On Thursday evening we headed over to the Bulwark on Gower after work. Remarkably it’s the first time I have ever visited the huge Iron Age hill fort there and boy am I sorry about that. Occupying a huge site just beneath the summit of Llanmadoc Hill it offers stunning views down the Burry Inlet towards Loughor and across to Llanelli. Although we were there just a few minutes before dusk, the patchwork of marshland, sand and water looked fantastic and is definitely a candidate for a future sunset/sunrise shoot.
The main reason for our visit was to try and see Badgers, another in a long line of forays around our local area that ultimately left us empty handed. Disappointed we may have been but certainly not disheartened, safe in the knowledge that there is a healthy population out there and that one day we’ll hit lucky. Sadly this is a state of affairs that may not last much longer as in recent weeks the government has announced plans to go ahead with a cull of Badgers in England. The justification for this needless slaughter is to prevent the spread of TB (which some Badgers are known to carry) to cattle. No one can argue that bovine TB is not an issue and I sincerely sympathise with the anguish of farmers who are faced with the disease each year. However, a cull of Badgers is not the answer, nor will it ever be. The science simply doesn’t stack up. Although the transfer from Badger to cattle has been established, the Independent Scientific Group on Cattle TB ruled in 2007 that a widespread cull would not have any meaningful effect on transfer rates after they themselves slaughtered 9,818 Badgers. Here in Wales we faced a similar threat a couple of years ago but thankfully overwhelming public opinion saw that shelved and a cattle vaccination program adopted instead. Why the same approach can’t be taken in the rest of the UK where similar public outrage is being expressed baffles me. Instead we find ourselves on the brink of a precipice with the future of our Badgers at stake.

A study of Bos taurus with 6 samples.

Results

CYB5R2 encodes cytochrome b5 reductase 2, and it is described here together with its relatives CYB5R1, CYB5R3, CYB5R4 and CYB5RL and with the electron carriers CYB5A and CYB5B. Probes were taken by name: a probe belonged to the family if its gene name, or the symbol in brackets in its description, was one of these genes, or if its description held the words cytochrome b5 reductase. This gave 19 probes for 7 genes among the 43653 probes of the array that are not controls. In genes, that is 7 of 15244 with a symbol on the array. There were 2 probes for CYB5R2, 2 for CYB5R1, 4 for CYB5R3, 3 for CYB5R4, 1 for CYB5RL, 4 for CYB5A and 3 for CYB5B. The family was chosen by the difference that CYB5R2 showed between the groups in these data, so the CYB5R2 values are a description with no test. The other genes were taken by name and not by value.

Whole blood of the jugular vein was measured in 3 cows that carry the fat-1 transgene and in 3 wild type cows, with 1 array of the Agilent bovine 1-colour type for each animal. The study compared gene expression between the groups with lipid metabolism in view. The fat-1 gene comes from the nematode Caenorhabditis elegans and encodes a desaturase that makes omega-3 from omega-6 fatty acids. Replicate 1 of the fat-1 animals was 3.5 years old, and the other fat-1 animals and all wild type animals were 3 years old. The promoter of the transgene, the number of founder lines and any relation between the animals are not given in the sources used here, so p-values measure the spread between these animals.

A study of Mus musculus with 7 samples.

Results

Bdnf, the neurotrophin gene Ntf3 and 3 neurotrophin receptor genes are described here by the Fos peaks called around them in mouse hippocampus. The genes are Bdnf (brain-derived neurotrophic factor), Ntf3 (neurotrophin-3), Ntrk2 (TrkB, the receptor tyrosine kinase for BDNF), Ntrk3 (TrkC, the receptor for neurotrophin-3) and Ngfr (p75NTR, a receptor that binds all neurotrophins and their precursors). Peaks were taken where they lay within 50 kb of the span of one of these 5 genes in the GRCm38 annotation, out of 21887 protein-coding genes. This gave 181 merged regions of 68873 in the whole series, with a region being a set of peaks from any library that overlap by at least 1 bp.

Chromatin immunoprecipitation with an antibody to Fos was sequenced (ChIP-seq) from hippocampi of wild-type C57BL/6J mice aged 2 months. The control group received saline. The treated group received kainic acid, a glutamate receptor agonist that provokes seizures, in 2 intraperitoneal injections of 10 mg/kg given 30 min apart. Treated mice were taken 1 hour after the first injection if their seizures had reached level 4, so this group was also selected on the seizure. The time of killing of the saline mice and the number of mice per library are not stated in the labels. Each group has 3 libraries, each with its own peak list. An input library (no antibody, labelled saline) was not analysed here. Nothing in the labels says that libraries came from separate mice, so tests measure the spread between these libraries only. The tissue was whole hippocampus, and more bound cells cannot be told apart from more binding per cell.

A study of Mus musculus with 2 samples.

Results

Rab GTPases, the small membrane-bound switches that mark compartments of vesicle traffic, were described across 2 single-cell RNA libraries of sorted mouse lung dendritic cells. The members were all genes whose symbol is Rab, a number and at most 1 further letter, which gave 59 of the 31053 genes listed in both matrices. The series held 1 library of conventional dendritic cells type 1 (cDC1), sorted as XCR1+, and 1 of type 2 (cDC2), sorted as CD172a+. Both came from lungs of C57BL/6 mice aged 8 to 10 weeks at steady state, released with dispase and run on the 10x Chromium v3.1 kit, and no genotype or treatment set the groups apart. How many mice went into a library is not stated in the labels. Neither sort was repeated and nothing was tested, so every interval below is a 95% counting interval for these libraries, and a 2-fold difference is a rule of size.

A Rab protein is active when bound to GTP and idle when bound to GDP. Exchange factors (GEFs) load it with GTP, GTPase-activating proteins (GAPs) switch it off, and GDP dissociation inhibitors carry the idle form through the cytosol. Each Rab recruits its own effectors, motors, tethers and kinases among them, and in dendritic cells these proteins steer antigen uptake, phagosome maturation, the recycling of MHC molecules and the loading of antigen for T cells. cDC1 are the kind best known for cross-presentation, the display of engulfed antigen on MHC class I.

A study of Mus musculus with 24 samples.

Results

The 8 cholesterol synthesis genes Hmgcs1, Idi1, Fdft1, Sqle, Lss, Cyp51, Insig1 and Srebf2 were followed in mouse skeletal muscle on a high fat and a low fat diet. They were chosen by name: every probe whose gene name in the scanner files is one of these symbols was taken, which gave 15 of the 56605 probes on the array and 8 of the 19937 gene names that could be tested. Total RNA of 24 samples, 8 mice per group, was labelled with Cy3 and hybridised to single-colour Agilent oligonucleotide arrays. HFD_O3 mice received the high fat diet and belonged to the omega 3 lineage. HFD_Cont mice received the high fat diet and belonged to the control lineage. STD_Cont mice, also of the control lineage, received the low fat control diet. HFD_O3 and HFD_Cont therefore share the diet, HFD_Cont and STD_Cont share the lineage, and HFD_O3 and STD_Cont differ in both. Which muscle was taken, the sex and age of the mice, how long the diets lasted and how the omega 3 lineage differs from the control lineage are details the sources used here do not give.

So what can we do? As Andy Rouse has pointed out on his blog here, individually we are alone. Together however there might just be a chance that we can make our voices heard. Firstly I recommend heading over to the Team Badger website where many of the organisations involved are coming together to speak with one voice. Have a read of the information there and hopefully you’ll agree that the Badger cull is something that simply cannot be allowed to happen. Secondly sign the petition on the Direct Gov website so that this government can truly see how unpopular their Badger cull is. If we don’t make a stand now then who knows what the future may hold for the rest of our native British wildlife.
With such serious issues hanging over our countryside it was perhaps appropriate that we managed to get out and enjoy it for a few hours on Saturday. I was feeling a little bit defeatist after my talk of not being able to identify a juvenile Garganey in a past post, so it was back to the Llanelli WWT reserve for round two. From the British Steel Hide we were treated to large flocks of Redshank, Black Tailed Godwit, Greenshank and even a Ruff, whilst out with the Cormorants the long staying Spoonbill continued to snooze (I swear that’s all it ever does). On the NRA scrapes things were relatively quiet apart from a few Wigeon and several Gadwall, not forgetting of course the three juvenile Garganey! As it turns out they stand out really rather well in the flesh (feather?) and we had no trouble picking them up as they swam from cover to cover. They represented both my second, third and fourth sightings of Garganey as well as Emma’s first. Elsewhere signs of autumns advance continue to present themselves with much reduced Swallow numbers, an increase in Wigeon to 150 individuals and the reappearance of two Kingfishers from both the Michael Powell and Peter Scott hides. Saying that, it is still raining almost every day here so defining ‘seasons’ is becoming something of a mute point.